The sound has been found in the form of an old Edisonian recording cylinder. The cylinder was repaired, then Walter Murch ACE MPSE synced the film to the correct music in (I believe) 2002. Total running time is approximately 17 seconds.
A bat flies into an ancient castle and transforms itself into Mephistopheles himself. Producing a cauldron, Mephistopheles conjures up a young girl and various supernatural creatures, one ... See full summary »
Wintertime in Lyons. About a dozen people, men and women, are having a snowball fight in the middle of a tree-lined street. The cyclist coming along the road becomes the target of ... See full summary »
Another milestone in film history - this may well have been the very first film to have been developed and shown to its subjects (the members of the Congress of Photographic Societies) on ... See full summary »
The earliest extant sound film. William K.L. Dickson stands in the background next to a huge sound pickup horn connected to a Thomas Edison phonograph recorder. As he plays a violin, two men dance in the foreground. This film was made to demonstrate a new Thomas Edison machine, the Kinetophone. These machines were Kinetoscope peepshow viewers mated with Thomas Edison wax cylinder phonographs. But the Kinetophone never caught on and this film was never released. The film still exists, but the phonograph soundtrack has been lost. Written by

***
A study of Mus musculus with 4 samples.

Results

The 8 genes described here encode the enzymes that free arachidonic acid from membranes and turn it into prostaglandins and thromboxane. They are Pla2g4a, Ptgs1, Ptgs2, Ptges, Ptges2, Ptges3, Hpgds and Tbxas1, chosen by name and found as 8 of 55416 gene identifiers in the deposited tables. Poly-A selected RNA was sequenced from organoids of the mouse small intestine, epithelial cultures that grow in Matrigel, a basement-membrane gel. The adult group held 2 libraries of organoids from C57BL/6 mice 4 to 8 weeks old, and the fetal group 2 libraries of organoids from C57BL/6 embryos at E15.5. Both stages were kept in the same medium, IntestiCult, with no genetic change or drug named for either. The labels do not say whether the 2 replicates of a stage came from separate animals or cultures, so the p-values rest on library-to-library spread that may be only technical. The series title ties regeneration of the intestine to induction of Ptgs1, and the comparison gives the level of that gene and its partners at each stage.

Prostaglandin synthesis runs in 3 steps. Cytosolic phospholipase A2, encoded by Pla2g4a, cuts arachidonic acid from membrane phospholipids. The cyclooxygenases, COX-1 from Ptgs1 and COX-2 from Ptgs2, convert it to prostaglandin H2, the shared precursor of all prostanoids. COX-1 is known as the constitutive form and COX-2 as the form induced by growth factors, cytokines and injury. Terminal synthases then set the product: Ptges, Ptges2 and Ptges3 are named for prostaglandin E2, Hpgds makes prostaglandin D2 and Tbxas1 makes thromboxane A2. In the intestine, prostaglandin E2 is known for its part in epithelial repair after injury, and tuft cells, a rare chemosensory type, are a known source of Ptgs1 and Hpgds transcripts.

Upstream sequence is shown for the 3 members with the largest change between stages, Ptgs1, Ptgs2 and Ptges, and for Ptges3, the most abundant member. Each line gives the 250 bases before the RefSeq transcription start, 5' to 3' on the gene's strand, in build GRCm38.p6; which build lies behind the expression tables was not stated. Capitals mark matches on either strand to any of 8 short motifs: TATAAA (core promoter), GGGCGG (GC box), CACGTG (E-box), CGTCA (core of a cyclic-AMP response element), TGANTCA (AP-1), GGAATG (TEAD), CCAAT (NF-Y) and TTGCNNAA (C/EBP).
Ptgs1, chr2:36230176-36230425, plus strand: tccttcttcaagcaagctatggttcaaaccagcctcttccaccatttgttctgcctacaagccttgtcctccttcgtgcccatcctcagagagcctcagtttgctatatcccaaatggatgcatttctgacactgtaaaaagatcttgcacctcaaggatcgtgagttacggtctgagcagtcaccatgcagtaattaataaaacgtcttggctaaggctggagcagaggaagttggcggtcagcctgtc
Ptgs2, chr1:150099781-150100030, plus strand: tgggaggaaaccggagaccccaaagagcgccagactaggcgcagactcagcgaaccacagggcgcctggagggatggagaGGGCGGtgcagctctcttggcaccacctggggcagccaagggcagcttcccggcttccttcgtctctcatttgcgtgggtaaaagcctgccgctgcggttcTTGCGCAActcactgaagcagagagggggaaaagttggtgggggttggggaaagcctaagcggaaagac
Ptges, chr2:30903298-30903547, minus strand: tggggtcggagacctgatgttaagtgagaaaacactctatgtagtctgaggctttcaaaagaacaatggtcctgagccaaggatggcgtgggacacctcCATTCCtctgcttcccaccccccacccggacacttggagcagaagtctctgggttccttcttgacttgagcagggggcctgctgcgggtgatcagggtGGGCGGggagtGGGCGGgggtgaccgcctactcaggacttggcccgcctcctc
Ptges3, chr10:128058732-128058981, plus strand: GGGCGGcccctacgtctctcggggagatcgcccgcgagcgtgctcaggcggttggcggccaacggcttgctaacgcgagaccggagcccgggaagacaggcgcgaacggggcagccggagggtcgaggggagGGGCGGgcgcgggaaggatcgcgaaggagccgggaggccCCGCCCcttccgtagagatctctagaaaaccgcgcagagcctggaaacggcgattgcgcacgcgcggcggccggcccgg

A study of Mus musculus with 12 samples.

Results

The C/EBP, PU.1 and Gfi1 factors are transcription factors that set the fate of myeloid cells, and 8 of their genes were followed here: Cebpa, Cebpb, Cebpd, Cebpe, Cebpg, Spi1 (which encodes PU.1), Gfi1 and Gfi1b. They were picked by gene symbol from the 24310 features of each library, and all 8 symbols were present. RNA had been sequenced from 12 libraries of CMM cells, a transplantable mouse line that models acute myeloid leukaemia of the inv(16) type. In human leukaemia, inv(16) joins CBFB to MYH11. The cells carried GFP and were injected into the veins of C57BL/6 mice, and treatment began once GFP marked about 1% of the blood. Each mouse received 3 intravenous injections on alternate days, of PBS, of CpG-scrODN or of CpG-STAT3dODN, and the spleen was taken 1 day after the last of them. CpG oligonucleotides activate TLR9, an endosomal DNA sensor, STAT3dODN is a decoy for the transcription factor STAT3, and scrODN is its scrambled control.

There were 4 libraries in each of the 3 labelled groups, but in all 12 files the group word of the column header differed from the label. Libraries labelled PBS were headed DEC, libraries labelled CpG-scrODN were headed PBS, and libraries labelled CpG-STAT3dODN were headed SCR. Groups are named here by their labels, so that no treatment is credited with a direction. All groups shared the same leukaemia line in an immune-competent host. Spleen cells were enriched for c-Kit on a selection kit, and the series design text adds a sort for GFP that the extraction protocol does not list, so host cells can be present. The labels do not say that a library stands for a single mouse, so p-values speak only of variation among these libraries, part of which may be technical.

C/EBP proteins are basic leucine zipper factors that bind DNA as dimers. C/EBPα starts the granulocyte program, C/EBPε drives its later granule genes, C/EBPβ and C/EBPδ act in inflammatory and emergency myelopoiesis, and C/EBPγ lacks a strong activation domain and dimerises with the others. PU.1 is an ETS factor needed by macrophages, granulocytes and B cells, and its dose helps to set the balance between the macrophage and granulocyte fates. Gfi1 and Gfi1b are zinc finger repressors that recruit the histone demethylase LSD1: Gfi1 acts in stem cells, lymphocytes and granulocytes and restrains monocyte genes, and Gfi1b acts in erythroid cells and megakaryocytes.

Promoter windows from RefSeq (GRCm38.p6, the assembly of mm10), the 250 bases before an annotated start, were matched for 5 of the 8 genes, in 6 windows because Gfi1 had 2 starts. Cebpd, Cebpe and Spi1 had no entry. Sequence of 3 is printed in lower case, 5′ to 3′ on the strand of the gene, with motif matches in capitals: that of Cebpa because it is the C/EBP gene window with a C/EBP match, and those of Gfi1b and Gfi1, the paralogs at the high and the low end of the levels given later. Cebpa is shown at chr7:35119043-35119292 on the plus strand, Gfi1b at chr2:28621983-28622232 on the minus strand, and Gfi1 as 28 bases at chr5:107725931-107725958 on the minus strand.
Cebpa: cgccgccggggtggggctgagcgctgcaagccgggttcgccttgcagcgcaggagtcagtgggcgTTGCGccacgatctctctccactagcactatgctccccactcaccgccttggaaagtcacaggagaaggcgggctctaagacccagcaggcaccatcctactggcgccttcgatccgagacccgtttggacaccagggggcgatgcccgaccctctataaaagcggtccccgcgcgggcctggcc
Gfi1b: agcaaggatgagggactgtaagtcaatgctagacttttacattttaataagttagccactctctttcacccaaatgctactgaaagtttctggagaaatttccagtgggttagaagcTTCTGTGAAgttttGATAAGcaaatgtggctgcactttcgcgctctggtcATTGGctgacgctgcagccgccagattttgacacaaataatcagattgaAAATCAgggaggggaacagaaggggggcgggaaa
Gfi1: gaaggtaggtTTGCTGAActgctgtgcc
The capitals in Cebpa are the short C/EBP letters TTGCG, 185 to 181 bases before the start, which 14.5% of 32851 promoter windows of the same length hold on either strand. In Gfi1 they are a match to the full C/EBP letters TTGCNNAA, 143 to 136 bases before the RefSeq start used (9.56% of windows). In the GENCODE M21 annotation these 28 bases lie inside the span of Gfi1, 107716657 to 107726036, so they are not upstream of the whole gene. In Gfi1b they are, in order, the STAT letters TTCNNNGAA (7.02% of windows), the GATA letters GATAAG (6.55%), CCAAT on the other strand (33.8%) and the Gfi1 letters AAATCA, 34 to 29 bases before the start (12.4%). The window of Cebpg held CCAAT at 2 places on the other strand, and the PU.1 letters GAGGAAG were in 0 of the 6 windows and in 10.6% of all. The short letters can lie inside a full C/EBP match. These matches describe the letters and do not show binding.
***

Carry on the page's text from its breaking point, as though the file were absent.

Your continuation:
Steven W. Siferd <email@example.com>
The Library of Congress has discovered the missing sound-track for this film, which was at the Edison National Historical Site all along. It was a cylinder, broken in half, labelled "WKL Dickson Violin with Kineto" and it has recently been repaired, transcribed, and put in synch with the image. This short film now takes its place as the oldest existing sound film. Before the image starts, you can just hear someone saying "Are the rest of you ready? Go ahead!"